The critical role of pharmacists in pharmacogenomics
We are at an inflection point in precision prescribing. Increasingly, the medical community is recognizing the science and evidence in favor of pharmacogenomics (PGx), but there is a gap in understanding how to effectively implement PGx programs and incorporate results into patient care. Pharmacists are in a unique position to accelerate the growth and adoption of PGx - both in their organizations and throughout the medical community.
Pharmacists and pharmacogenomics go hand in hand
PGx information can add a great deal of value to patient care. Having access to PGx results can help providers identify medications and dosages that may work well for a given patient, based on their DNA. This, in turn, can help providers reduce trial and error in prescribing, lower the likelihood of adverse drug events, and give patients greater confidence in their medications.
With their understanding of drugs and existing role in medication interventions - including dosing, drug-drug interactions, and medication management programs - pharmacists can be instrumental partners to providers in the implementation of PGx.
How pharmacists can lead in pharmacogenomics
One of the most important roles pharmacists have in PGx is in interpretation of results. It isn’t enough to know that a patient is, for example, a poor metabolizer at CYP2C19. Pharmacists have the knowledge and context to turn that phenotype information into therapy recommendations, including:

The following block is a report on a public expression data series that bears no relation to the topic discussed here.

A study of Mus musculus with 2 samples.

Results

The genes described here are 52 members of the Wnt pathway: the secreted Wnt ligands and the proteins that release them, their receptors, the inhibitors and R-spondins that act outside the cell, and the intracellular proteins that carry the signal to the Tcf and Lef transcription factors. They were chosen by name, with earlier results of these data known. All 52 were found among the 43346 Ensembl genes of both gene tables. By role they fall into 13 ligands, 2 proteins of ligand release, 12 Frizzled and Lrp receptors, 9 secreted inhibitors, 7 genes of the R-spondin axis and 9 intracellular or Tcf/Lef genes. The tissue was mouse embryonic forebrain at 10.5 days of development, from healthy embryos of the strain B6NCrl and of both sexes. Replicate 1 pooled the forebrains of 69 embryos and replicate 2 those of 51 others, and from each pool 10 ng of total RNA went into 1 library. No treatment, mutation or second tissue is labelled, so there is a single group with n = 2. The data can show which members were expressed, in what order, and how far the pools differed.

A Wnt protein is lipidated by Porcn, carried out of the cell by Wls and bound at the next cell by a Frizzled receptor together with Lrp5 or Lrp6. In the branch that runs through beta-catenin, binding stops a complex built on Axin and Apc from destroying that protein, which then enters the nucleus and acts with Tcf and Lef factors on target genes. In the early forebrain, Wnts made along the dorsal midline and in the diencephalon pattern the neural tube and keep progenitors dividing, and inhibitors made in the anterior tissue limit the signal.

- Whether a dosage adjustment is appropriate for the patient or an alternative medication should be prescribed
- Which alternative medications may provide the same therapeutic effect but are processed by enzymes encoded on different genes
- How concurrent medications may affect medication and dosage selection
- The impact that age, weight, tobacco use, and other factors may have on medication efficacy
- Which medications and dosages are most likely to be optimal for a given patient based on the combination of their PGx profile, medication history, and physical and environmental factors
While interpreting results is a valuable contribution, pharmacists’ functional role in PGx is much greater. According to the American Society of Health-System Pharmacists, pharmacists should be involved in recommending or scheduling PGx testing for patients, making medication and dosage recommendations based on PGx results, and educating patients and colleagues about PGx and its clinical applications.
The time is now
As precision prescribing becomes increasingly ingrained in patient care, pharmacists are more important than ever. Their expertise is valuable in interpreting PGx results and they have the understanding to support providers in applying PGx insights to prescribing decisions. By bridging the gap between science and clinical application, pharmacists can help providers and their patients realize the benefits of PGx testing.